The best way to absorb the Ottoman opulence of old Istanbul is to take in some Topkapi Palace Views. Located in the historic district close to Hagia Sophia, the Palace (a museum since 1924) is a reminder of those grand times. It is interesting to note that although Istanbul or Constantinople as it was then known, was the capital of the Ottoman Empire it has never been the capital of Turkey.
topkapı sarayı or Topkapi Palace is Turkey’s most famous (ex) palace.
Established in 1478 the Topkapi (Gates of Cannon) Palace, was the political heart of the Ottoman empire until the building of the Dolmabahce Palace, also in Istanbul, in 1853.
The spacious first courtyard of the palace with it’s large trees is freely open to the public. Arriving from the Hagia Sofia end of Sultanahmet, access is through the impressive Imperial Gate.
For those arriving by tram from Eminonu or Galata, stop at Gülhane Station and follow the signs through the Park and Gülhane gate. We used this option, arriving at the ticket office at 9 a.m. and exiting three hours later to Sultanahmet and Hagia Sofia.
The courtyards open successively to each other with the fourth taking up prime position on the tip of the peninsula.
The Gate of Felicity opens to the inner or third court. It belongs to the initial 15th Century construction with it’s timber dome and four marble columns added in 1775. On special occasions the Sultan would sit on his throne in front of this gate. It was the main doorway to his private domain and only he could authorise entry.
Inner or Third Court.
Topkapi Palace Harem.
In this inner or third court is the ottoman harem where the Sultan lived a secluded life with his mother, wives, concubines and eunuchs. Although access is from the third courtyard, tickets are purchased at the main ticket office. I would suggest visiting the Harem as early in the day as possible, ideally immediately after the 9 am opening.
Harem Courtyard of the Favourites. There is a large rectangular pool off this courtyard which lies empty awaiting restoration.
Audience Hall – Throne Cover.
Hall of the Conqueror’s Pavilion/Treasury.
Still in the inner court, the Conqueror’s Pavilion, is one of the original buildings dating to 1460. It is home to the Imperial Treasury and houses artworks and jewellery from the Ottoman dynasty. Exhibits include armoury, thrones, jewelled daggers and the 86 carat Spoonmaker’s Diamond. The diamond is the fourth largest of it’s kind and has a history full of intrigue. Needless to say – photography is not allowed in the Treasury.
Topkapi Palace Views.
Standing beneath these towering columns is a spectacular experience with views to match the occasion.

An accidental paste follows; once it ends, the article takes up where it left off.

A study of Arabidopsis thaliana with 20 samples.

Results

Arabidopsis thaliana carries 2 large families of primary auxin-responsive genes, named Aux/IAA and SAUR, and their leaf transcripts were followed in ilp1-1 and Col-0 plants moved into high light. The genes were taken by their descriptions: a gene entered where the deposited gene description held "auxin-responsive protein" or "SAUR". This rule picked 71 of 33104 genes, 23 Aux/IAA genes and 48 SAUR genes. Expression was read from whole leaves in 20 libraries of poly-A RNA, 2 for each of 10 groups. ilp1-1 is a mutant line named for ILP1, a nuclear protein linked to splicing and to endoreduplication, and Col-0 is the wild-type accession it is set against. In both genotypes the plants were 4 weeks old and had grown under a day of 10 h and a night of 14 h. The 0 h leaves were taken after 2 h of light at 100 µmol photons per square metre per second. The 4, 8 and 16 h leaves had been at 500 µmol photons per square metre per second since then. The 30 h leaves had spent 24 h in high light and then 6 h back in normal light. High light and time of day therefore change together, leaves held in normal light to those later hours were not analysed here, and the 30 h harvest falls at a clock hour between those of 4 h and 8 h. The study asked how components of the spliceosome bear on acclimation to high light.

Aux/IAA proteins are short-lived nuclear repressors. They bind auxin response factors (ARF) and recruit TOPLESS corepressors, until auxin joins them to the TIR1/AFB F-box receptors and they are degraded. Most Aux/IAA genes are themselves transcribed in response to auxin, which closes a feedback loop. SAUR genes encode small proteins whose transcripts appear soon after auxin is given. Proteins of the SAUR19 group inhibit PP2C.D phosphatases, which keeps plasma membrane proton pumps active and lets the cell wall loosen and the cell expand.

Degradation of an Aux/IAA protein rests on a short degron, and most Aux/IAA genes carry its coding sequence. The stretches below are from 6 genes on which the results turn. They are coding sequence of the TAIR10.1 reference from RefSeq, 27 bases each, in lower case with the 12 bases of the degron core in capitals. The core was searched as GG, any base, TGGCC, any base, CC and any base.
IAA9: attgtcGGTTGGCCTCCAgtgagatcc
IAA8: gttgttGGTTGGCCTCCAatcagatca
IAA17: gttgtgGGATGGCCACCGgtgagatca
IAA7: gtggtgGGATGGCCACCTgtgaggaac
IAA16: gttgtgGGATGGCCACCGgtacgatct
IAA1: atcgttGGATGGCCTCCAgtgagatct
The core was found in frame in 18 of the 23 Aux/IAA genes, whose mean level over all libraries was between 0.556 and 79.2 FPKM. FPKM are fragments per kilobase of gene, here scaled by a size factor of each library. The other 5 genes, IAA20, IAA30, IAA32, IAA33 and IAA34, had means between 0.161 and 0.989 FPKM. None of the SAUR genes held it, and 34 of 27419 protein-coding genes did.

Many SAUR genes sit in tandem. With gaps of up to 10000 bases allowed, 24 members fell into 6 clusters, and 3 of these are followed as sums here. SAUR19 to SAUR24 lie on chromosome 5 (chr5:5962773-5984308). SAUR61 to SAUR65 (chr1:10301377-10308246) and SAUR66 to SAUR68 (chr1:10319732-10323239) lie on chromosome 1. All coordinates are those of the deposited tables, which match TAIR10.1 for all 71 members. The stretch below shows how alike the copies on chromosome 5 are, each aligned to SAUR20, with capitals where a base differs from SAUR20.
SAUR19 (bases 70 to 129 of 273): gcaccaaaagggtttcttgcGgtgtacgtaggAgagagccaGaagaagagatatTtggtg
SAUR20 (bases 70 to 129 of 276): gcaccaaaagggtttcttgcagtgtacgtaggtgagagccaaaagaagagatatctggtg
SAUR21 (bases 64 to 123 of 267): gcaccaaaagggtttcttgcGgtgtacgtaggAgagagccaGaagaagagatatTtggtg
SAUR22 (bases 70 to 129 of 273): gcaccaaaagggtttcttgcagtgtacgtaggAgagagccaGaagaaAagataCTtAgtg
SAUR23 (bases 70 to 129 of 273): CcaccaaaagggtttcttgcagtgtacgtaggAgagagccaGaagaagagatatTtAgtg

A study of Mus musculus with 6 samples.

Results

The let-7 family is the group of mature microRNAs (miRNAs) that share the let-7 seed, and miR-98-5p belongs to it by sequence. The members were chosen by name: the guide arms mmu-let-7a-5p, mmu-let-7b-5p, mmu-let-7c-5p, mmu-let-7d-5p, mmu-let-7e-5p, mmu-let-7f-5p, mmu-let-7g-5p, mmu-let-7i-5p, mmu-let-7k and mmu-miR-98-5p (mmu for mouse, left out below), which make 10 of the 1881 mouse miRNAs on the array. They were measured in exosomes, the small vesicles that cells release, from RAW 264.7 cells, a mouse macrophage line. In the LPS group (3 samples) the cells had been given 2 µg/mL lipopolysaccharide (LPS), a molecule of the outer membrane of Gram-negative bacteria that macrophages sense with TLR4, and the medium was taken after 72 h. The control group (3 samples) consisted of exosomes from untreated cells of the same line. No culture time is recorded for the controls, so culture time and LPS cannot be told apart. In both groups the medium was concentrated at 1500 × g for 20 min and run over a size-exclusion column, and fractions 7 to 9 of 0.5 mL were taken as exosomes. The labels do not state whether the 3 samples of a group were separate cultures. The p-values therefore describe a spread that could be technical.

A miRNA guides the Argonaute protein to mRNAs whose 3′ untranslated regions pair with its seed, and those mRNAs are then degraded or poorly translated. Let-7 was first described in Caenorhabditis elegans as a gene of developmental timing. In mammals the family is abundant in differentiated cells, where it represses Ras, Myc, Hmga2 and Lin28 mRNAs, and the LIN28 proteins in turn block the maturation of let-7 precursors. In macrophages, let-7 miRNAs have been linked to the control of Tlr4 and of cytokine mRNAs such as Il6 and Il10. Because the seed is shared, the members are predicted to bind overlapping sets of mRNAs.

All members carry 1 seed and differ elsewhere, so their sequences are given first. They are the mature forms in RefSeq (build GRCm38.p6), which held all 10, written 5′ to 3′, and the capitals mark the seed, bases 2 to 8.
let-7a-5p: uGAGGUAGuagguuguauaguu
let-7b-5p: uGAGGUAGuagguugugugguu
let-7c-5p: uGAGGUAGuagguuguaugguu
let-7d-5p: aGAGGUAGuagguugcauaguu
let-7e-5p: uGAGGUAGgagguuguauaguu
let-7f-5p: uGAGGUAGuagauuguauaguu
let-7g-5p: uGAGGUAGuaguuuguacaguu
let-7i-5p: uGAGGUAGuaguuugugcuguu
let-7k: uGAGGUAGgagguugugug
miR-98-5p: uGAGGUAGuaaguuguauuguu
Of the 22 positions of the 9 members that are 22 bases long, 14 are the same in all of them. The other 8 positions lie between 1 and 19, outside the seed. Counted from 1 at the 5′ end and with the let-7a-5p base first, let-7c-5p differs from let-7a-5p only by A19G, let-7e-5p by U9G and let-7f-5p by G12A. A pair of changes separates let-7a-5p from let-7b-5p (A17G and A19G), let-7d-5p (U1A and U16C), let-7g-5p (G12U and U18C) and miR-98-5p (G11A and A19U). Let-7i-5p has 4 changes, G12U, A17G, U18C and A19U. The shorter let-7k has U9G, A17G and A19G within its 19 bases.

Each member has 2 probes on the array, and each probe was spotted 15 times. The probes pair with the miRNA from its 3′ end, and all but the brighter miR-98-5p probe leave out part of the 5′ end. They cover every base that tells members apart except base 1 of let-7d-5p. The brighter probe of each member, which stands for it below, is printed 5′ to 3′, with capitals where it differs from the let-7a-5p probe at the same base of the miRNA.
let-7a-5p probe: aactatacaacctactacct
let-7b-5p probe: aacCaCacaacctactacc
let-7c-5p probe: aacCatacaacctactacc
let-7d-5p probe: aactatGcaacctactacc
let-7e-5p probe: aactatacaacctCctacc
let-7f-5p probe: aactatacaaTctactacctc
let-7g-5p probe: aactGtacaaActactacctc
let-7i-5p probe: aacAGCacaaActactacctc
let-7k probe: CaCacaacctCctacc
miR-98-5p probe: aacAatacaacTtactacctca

The fourth and final courtyard, this was my favourite.
Topkapi Palace Terrace with Pool and Fountain
The interiors are not plush in the way of European palaces. Instead they are characterised by a myriad of adjoining rooms, coated with distinctive tile and glasswork, Koranic verses and screened windows.
topkapi palace map.
Topkapi Palace Views over the Golden Horn (disappearing left), Bosphorus Strait and Bridge (ahead left) and Sea of Marmara (right).
The restaurant Konyali Locantasi Topkapi Palace, is situated here and worth visiting for the wonderful views.
Julian Stockwin, while researching his historical adventure novel Pasha here saw the same:
To the left is Europe, to the right Asia. Directly in front is the Bosporus leading to Russia. Turn around and there’s the Sea of Marmara leading to the Mediterranean and western world. And at your feet the Golden Horn…
Topkapi Palace sprawls impressively along a promontory ruling the meeting of these waterways. See the view of the palace from the Kadikoy Ferry here.
Istanbul is an incredibly romantic city. Every day is a chaotic mix of shisha pipes, turkish tea glasses, piles of dates, throbbing ferries, giant seagulls and dubious carpet salesmen. The palace – in effect a closed town for the Ottoman rulers and their servants for 400 years – retains a definite whiff of exoticism.
Marvelling over stories of harem life and palace intrigue – rooms bedazzled with Iznic tiles – gardens framed by Eunuch’s buildings – these Topkapi Palace Views add an extra sprinkle of romance to an already intriguing city.
Things to know.
The palace never has all the rooms open at once. The kitchens were closed during our visit and the Treasury is closed for restoration from the end of July 2017. Not being able to see the treasures is a blow, but even so, this is a huge complex with a lot to see.
Sarayı is the Turkish word for Palace.
The expansive palace grounds receive more than 3 million visitors each year.
Where is Topkapi Palace?
It is in the Sultanahmet district near Hagia Sofia on Istanbul’s historic peninsula.
Topkapi Palace Entrance Fee.
- 40 TL plus 25 TL for the Harem.
- Hagia Irene 20 TL
- Museum Pass Istanbul can be purchased at the gate for 25 euro or 85 TL (excludes Harem) but the line can be long. Buy on line if your arrival will coincide with the crowds. Read about it here.
- Current Prices here.
- There are now mobile ticket machines. Look for them near Hagia Sophia and near the Topkapi entrance.
Topkapi Palace Hours.
- Winter – 9 am to 4.45 pm.
- Summer – 9 am to 6.45 pm.
- Ticket Booth closes at 4 and 6 pm respectively.
- Closed Tuesday.
- The Palace has over 3 million visitors per year. Arrive at 9 a.m. to experience a little crowd free time – it worked for us.